Public Outcry to Change Voting Tech in Nevada, US

Republican Party in Elko, a county in Nevada state of the US, has passed a resolution to investigate alternatives to the Dominion voting machines currently in use and cancel the contract with Dominion if necessary. The resolution was read out at the county commission meeting last week by Lee Hoffman, chairman of the Elko County. 

Whereas there is evidence of vote count tampering in places where Dominion voting machines have been used, especially in metropolitan areas in swing states, the Elko County Republican Party ... strongly urges the Elko County Board of Commissioners and the Elko County Clerk to investigate alternatives to the Dominion voting machines currently in use in Elko County and to cancel the contract with Dominion if necessary ...

(The Elko County Republican Party) recognizes that implementation of alternatives would have associated costs but asserts that election integrity is worth finding the necessary funding ...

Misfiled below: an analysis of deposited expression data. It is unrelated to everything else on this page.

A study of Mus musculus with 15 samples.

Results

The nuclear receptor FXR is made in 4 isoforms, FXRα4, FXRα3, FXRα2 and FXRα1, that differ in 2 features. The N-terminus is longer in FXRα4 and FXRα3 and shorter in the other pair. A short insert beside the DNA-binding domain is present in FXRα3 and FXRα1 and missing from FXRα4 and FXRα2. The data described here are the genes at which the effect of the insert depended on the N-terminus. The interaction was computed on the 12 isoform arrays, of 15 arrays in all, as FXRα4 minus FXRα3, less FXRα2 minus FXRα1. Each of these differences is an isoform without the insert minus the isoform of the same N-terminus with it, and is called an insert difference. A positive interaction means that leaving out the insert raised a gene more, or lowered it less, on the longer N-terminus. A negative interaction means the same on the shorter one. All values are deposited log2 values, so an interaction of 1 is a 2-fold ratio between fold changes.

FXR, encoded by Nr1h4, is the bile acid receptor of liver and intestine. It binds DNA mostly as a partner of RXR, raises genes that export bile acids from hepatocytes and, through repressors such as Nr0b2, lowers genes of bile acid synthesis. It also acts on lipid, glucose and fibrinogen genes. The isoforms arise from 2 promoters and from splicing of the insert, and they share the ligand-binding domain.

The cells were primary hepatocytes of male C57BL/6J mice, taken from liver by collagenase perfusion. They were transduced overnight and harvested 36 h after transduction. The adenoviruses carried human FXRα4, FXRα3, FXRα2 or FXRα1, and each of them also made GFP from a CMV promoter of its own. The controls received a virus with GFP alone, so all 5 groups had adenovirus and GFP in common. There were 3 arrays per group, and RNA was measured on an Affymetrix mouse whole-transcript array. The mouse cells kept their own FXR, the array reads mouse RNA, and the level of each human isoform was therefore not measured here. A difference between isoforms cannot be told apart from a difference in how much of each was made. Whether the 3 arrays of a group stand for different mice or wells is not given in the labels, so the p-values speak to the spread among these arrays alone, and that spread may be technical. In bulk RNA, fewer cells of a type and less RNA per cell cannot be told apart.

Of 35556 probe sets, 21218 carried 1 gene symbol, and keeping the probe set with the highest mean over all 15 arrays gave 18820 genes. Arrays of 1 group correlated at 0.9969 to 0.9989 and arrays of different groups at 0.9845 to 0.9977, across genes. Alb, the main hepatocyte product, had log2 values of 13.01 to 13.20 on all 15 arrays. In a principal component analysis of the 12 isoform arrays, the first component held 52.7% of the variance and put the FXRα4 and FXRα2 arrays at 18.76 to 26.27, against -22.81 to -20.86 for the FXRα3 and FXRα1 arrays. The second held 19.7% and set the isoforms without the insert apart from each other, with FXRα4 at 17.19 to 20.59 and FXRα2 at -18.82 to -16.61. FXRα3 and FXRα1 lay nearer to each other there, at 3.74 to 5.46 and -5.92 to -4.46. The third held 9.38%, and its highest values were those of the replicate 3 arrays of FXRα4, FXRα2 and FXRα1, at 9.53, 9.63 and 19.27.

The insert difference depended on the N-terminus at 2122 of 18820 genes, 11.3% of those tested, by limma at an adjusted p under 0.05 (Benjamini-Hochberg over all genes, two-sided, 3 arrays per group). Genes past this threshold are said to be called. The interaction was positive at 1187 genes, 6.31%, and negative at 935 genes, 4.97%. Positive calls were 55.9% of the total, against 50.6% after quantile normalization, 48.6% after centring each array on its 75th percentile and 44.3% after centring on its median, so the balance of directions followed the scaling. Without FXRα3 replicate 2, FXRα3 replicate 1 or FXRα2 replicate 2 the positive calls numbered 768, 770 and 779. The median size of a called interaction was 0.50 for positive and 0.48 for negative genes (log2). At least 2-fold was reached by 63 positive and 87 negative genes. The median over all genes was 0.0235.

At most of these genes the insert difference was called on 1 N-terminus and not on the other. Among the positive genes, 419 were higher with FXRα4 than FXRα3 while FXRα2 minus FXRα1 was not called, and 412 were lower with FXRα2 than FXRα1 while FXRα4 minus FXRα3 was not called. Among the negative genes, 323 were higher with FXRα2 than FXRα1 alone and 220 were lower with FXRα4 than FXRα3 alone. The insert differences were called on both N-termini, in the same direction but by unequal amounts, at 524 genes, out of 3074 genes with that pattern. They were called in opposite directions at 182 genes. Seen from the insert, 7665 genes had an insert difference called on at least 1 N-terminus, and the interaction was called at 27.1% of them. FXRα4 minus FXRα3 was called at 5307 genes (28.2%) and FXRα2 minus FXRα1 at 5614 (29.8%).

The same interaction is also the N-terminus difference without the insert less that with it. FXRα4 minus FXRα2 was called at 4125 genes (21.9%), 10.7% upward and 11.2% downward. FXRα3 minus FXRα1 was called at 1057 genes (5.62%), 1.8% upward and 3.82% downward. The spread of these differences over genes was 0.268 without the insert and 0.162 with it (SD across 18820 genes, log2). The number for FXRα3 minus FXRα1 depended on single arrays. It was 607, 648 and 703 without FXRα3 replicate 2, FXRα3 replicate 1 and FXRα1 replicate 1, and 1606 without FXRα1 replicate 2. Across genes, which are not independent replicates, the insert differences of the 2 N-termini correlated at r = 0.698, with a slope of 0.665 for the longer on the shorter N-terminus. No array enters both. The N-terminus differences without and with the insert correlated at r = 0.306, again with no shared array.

reads the resolution!

Elko County Clerk Kris Jakeman said that she is happy with the Dominion Voting Systems machines the county has been using, but she will investigate possible alternatives in response to a request from the Elko County commissioners.

Hoffman said, looking into changing voting machines is part of an overall effort to rebuild more confidence in the election process in the country.

"Public trust in the results of elections is as important as the results themselves," Hoffman said. "There is a great deal of public mistrust across this country in Dominion machines."

The Nevada Secretary of State's office says only two mechanical voting systems are currently approved for use in Nevada — Dominion Voting Systems and Election Systems and Software (ES&S). All the counties in Nevada currently use Dominion systems, and Carson City uses ES&S.

Elko County paid more than $300,000 in 2017 for the Dominion equipment the county is currently using. The county has a contract with Dominion through 2025. The county pays yearly licensing fees for Dominion's firmware and software, and also pays fees for election setup.

The Dominion machines are not connected to the Internet. The electronic poll books are connected. The County also have a paper backup of every vote, on a verifiable paper audit trail. Paper ballots are maintained for 22 months.